The English Department of the University of Freiburg is mourning the loss of our long-time colleague, the renowned Prof. Dr. Dr. h.c. mult. Herbert Pilch, who passed away on April 19, 2018 at the age of 91.

In Memoriam Prof. Dr. Dr. h.c. mult. Herbert Pilch

Prof. Dr. Dr. h.c. mult. Herbert Pilch

Herbert Pilch was part of the pioneering post-war generation of English linguistics scholars in Germany that brought the discipline into the modern age. These scholars overcame the isolation imposed by National Socialism and war to reconnect with developments in the international linguistics community.

Herbert Pilch was born in East Prussia in 1927. After the war, he obtained qualifications at Kiel University as a secondary school (Gymnasium) foreign-language teacher in English, French and Russian, and went on to complete a Ph.D. as well as a postdoctoral degree (Habilitation) in 1957 in the areas of medieval English literature and language. At a time when academic exchanges abroad were not yet the norm, he was inspired by encounters with eminent international scholars such as Bernard Bloch and André Martinet, and subsequently developed an independent approach to phonology and syntax which was inspired by the international structuralist tradition. After associate professorships at the universities of Cologne and Frankfurt, he joined the faculty of the University of Freiburg in 1961 as a full professor and chair of English philology. Despite retiring in 1995, he remained active within the English Department as long as his health allowed.

The breadth of his scholarly interests is well illustrated by the following highlights from his extensive publication record. His 1964 Phonemtheorie helped establish the structuralist approach in English studies in Germany and went through two revised and expanded editions by 1974. An authoritative sum of his research on the phonetics and phonology of English is contained in the comprehensive Manual of English Phonetics, published in 1994 and numbering more than 700 pages. Altenglische Grammatik (1970) combines the best of traditional philological erudition with an innovative theoretical approach indebted to modern linguistic methods. He also turned his focus to the study of Celtic languages and their literatures, and established Celtic studies at Freiburg’s English Department. For decades, he taught the Welsh language to small but committed groups of interested students and published extensively on several Celtic languages. His comprehensive survey Die keltischen Sprachen und ihre Literaturen was published in 2007, the year in which he celebrated his 80th birthday.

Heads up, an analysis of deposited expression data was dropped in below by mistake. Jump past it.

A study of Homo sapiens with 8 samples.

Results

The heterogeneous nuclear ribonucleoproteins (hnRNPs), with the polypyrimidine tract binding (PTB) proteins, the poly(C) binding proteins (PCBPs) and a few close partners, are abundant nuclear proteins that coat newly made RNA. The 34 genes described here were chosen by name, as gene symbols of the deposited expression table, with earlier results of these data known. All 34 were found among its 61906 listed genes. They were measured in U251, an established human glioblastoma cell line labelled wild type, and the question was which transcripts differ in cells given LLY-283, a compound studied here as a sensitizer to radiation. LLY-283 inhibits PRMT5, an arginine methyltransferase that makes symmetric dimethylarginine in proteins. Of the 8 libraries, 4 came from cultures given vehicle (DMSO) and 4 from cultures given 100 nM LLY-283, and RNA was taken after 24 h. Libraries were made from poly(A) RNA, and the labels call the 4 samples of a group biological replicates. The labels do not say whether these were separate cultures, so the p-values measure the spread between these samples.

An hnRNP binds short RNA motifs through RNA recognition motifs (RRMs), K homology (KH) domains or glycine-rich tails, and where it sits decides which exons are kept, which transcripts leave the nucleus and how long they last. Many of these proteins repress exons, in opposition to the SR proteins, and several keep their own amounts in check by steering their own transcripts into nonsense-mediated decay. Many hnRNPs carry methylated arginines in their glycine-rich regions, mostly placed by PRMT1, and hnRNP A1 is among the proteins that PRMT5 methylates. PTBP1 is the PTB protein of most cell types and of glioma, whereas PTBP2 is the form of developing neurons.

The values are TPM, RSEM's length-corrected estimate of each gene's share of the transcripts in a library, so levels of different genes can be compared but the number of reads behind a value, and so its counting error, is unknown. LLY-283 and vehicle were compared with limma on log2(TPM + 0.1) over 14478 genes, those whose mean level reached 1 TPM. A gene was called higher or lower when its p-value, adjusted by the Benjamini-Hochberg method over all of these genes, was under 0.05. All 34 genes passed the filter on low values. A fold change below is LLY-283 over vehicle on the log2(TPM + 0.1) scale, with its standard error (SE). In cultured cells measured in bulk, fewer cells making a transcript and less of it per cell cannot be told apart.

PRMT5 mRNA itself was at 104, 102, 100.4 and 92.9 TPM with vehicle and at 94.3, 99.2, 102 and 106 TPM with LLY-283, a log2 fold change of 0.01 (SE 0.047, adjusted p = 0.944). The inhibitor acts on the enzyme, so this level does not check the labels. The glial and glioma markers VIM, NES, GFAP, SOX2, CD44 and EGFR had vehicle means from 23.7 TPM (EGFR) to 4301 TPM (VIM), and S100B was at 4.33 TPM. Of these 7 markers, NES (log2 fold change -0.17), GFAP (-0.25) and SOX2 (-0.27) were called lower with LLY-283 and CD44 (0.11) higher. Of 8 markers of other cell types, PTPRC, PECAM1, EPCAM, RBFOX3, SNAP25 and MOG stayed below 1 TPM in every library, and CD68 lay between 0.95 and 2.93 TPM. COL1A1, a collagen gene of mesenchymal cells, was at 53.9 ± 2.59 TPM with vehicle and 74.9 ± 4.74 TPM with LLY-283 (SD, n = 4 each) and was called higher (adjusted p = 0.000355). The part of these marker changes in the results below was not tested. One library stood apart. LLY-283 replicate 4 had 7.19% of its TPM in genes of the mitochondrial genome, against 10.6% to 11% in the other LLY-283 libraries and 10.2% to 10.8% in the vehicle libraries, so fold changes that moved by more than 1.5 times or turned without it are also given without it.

Herbert Pilch undeniably left his mark on the English Department at the University of Freiburg. A commanding presence for many decades, he was a committed researcher and teacher, and a great individualist. He was impressively multilingual, possessing an excellent command of several languages as well as profound scientific knowledge of their inner workings. Pilch gained an international reputation through his research in English historical linguistics, but also for his work in the fields of phonetics and Celtology. He inspired his students in all of these subjects, and some of them even went on to become professors themselves. A creative thinker, he was not averse to a bit of productive scholarly controversy: he kept abreast of the latest theories, but did not necessarily join the mainstream.

He also earned the acclaim of many colleagues in the academic world for cultivating a partnership with the University of Iaşi in Romania, which he continued to pursue even in politically complex circumstances. He was awarded two honorary doctorates (from the University of St. Andrews, Scotland, in 1984, and the University of Iaşi in 1990) as well as the 2008 German Federal Cross of Merit.